Epilepsy can have many origins such as a result of a brain injury or a stroke, it can be triggered by a tumor or even passed down along family lines. Now a new study published in the scientific journal Annals of Neurology by researchers at the University of Bonn has found another mechanism that might cause seizures.
While it has been known that some forms of epilepsy are accompanied by inflammation of certain brain regions, the link between these inflammations and the seizures themselves hasn’t always been clear.
It is particularly dangerous when inflammatory reactions affect the hippocampus — a brain structure that plays an important role in memory processes as well as the development of emotions. This causes a condition coined limbic encephalitis, but it is still unclear exactly what processes trigger the condition. The scientists at Bonn have now found that autoantibodies are playing an important role.
Unlike normal antibodies, these autoantibodies are not directed against molecules that have entered the organism from outside, but against the body’s own structures (the prefix “auto” can be translated as “self”).
The Bonn study found these autoantibodies in the spinal fluid of epilepsy patients suffering from acute inflammation of the hippocampus. The autoantibody is directed against the protein drebrin. Drebrin ensures that the contact points (synapses) between nerve cells function correctly.
The problem with autoantibodies is that they act somewhat like a trojan horse.
Information processed in the brain is electrical, however, these synapses communicate via chemical messengers — the previously mentioned neurotransmitters. In response to an electrical pulse, the transmitter synapse emits transmitters that then dock to certain receptors of the receiver synapse, where they in turn also generate electrical pulses. The synaptic vesicles (the “packaging” of the neurotransmitters) are once again absorbed and then are recycled.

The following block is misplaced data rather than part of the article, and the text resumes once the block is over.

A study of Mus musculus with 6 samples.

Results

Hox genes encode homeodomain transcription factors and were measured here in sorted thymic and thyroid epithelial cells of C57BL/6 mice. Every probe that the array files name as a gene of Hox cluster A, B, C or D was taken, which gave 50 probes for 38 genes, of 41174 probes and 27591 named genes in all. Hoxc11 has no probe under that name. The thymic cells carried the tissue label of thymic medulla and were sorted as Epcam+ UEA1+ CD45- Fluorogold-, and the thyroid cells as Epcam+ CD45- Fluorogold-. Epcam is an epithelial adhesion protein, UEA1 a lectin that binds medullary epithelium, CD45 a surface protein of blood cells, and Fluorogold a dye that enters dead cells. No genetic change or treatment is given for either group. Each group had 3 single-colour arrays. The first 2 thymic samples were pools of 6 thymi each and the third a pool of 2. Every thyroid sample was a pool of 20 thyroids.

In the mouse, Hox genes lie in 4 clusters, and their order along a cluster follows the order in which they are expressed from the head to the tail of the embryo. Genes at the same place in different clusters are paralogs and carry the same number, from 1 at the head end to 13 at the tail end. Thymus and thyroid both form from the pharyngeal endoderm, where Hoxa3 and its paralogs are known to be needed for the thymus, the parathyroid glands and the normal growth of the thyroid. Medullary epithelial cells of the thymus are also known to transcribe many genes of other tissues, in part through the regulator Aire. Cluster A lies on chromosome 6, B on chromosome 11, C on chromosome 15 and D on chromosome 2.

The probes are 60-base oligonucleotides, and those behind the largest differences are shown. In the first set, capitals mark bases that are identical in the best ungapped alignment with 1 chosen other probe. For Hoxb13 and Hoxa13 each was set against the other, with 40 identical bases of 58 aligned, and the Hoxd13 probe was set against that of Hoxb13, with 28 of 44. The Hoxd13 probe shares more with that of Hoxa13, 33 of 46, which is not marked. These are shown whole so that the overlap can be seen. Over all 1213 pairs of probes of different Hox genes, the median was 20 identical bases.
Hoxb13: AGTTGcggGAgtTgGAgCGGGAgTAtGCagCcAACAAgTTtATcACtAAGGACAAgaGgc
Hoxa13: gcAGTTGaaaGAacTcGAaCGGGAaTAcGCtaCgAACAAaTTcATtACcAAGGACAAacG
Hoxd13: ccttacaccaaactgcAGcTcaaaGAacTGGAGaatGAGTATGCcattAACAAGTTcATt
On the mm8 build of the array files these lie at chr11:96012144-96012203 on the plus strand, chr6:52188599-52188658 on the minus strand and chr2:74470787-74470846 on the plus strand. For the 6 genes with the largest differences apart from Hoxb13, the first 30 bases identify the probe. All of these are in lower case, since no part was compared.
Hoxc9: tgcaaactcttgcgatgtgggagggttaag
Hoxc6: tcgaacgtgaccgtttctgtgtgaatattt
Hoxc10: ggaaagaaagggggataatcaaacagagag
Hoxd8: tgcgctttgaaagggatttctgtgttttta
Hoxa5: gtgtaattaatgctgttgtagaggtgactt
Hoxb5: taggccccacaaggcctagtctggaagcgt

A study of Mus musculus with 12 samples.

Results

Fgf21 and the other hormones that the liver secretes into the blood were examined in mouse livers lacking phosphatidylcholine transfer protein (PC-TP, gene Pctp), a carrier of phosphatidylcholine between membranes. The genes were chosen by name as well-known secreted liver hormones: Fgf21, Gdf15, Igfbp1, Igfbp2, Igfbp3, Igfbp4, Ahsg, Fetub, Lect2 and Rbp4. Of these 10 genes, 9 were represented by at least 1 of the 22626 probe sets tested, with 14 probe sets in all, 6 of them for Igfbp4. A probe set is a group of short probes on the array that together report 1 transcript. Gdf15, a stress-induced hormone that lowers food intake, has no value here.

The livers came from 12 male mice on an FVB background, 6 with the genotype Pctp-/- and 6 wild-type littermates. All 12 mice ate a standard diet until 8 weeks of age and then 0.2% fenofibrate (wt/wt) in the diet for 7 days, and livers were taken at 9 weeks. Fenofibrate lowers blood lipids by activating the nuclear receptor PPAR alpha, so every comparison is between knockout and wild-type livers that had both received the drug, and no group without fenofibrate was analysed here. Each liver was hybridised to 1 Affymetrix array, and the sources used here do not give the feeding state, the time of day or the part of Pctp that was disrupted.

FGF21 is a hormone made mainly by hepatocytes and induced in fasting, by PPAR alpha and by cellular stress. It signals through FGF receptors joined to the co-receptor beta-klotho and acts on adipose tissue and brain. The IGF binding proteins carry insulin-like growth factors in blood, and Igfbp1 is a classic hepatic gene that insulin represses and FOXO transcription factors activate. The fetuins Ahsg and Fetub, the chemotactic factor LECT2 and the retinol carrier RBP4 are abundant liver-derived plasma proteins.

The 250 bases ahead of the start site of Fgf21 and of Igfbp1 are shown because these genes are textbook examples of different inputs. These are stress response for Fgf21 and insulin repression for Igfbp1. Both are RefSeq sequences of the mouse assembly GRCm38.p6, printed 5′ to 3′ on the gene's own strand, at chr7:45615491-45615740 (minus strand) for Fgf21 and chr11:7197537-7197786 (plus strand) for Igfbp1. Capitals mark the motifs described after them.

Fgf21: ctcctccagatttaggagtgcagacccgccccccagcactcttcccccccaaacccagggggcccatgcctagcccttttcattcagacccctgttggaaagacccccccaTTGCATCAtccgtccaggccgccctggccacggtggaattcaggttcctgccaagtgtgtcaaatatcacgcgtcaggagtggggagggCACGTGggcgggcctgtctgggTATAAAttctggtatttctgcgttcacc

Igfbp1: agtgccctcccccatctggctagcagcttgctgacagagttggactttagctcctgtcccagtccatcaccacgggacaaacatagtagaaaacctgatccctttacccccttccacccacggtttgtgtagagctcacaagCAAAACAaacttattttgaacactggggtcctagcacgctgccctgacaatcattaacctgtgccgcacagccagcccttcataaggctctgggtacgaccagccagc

In experiments with cell cultures, the Bonn group was able to show that shortly after the addition of the autoantibody to the Petri dish, the neurons began to fire machine-gun-like rapid bursts of electrical impulses. In the human brain, this would then most likely result in an epileptic seizure.
“The autoantibody seems to use this route to sneak into the cell, as with a Trojan horse,” explains Becker’s colleague Prof. Dr. Susanne Schoch McGovern. “We know that this form of electrical excitation is contagious, so to speak. With nerve cells, which are interconnected to form a network, all the nerve cells involved suddenly start firing wildly.”
Besides learning about this new method of potential seizures, these results also give hope for new therapeutic approaches for epilepsy. As an example, active substances such as cortisone can suppress the immune system and thereby possibly also prevent the massive production of autoantibodies.
The researchers also elude that it may also be possible to intercept and incapacitate them specifically with certain drugs. However, they also believe there is still a long way to go before treatment becomes available.
Epilepsy affects both males and females of all races, and according to the Centers for Disease Control and Prevention, as of 2015, almost 40 million people globally suffered. According to a 2016 Lancet publication, the year prior resulted in 125,000 deaths from the condition, an increase from 112,000 in 1990. There are over 150,000 new cases every year and one-in-26 people in the U.S. will develop the disease at some point in their lives. Alexander the Great, Theodore Roosevelt, Napoleon Bonaparte, Neil Young, and Prince are some of the most well-known sufferers of epilepsy.